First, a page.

William Hill has installed the Conservatives as favourites to win the next General Election but the latest ConservativeHome poll of polls suggests that a lot more progress is still needed. David Cameron’s Conservative Party enjoys a 37.8% to 32.8% advantage over Labour but it’s not enough to give the party a parliamentary majority. The LibDems remain subdued below 20% but there are few signs that the Conservatives are poised to win back many of the thirty and more seats lost to the LibDems at recent elections.
A recent YouGov analysis of daily changes in public opinion suggested that the Tory poll rating did not rise because of the ‘Vote Green’ campaign, for example, but, first, as a response to Labour’s ‘Black Wednesday’ and, second, in response to the ‘halo effect’ of May 4th’s results.
What David Cameron has begun to achieve – through his greener, gentler Conservatism – is to make the Conservative Party "socially acceptable" again. The FT has editorialised that the Conservative Party has lost its tendency to embarrass Middle England. This factor is particularly strong amongst women. That is why more voters unhappy with Labour are now voting Tory rather than LibDem. That is a crucial change.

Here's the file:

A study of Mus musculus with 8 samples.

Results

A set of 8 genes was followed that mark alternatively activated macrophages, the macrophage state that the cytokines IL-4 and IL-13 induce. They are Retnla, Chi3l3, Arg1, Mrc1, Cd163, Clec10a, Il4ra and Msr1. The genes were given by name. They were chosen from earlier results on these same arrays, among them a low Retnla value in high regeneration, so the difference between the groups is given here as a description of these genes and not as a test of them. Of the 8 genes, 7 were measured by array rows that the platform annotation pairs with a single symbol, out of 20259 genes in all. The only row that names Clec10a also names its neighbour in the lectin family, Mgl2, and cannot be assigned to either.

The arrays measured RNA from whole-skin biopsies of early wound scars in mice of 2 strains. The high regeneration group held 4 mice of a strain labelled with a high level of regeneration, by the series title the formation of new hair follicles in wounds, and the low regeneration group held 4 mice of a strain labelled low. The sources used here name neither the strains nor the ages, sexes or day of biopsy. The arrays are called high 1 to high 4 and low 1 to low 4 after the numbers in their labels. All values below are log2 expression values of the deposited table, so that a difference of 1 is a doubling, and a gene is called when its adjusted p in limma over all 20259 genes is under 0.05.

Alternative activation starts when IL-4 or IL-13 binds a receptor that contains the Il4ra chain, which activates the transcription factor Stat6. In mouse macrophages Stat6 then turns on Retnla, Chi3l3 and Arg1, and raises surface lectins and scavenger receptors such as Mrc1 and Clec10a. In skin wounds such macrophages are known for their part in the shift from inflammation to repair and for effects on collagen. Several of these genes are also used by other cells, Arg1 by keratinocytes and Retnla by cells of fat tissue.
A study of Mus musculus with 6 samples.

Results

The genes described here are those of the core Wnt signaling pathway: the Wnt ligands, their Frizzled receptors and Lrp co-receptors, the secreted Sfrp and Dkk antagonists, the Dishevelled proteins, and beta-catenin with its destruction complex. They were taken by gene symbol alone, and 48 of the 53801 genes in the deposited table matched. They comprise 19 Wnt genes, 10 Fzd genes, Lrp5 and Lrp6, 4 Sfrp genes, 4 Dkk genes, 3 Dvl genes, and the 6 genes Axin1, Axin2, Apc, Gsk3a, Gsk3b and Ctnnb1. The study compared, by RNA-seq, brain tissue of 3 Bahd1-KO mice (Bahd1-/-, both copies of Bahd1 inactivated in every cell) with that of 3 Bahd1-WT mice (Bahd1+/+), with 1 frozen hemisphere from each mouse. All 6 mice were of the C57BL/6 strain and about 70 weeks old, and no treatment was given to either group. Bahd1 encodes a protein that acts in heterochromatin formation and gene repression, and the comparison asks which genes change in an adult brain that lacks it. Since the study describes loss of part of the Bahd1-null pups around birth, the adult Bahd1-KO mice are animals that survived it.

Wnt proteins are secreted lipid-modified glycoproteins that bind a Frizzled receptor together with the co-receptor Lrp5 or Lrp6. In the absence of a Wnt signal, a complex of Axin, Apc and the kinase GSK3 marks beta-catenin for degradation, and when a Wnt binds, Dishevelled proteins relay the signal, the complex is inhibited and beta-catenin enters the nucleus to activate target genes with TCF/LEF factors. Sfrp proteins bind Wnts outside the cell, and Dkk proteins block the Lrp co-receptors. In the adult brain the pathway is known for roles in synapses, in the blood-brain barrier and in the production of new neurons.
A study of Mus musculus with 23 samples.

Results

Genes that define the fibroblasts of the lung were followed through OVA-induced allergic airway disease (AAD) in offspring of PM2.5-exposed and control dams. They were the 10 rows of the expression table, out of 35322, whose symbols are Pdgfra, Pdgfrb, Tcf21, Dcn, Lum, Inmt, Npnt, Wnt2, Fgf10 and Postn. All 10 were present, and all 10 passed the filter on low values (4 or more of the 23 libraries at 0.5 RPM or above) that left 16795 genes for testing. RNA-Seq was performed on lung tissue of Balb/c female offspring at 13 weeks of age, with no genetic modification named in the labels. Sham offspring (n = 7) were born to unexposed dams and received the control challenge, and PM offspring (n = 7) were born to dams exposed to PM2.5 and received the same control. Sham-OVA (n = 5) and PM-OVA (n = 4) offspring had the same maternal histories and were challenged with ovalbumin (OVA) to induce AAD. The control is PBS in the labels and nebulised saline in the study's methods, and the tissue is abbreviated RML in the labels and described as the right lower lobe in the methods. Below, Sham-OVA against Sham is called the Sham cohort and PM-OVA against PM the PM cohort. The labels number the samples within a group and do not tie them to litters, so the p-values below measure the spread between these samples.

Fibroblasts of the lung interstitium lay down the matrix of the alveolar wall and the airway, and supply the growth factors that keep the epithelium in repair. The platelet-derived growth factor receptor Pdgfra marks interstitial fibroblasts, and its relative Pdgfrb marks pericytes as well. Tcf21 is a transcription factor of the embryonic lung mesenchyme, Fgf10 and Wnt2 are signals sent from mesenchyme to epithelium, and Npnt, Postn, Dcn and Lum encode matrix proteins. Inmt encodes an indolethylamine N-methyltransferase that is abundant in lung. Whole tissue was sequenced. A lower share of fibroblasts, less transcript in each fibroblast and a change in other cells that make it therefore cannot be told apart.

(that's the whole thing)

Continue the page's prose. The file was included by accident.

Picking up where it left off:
The Tory recovery is particularly strong in the south and among professionals (‘Curtisland’) but weaker in the north and amongst strivers. In recent weeks – following Triple Whammy Wednesday – David Cameron has repeatedly highlighted law and order issues (eg prison building and the Human Rights Act) and this may begin to help Tory standing amongst the strivers.
It is still not clear what impact Gordon Brown will have on Labour’s fortunes. Most polls have tended to suggest that his impact will be negative but these are hugely hypothetical findings. (1) The nature of the internal Labour party election and (2) the messages he emphasises as the likely new Labour leader will be the most significant influences on his standing versus David Cameron.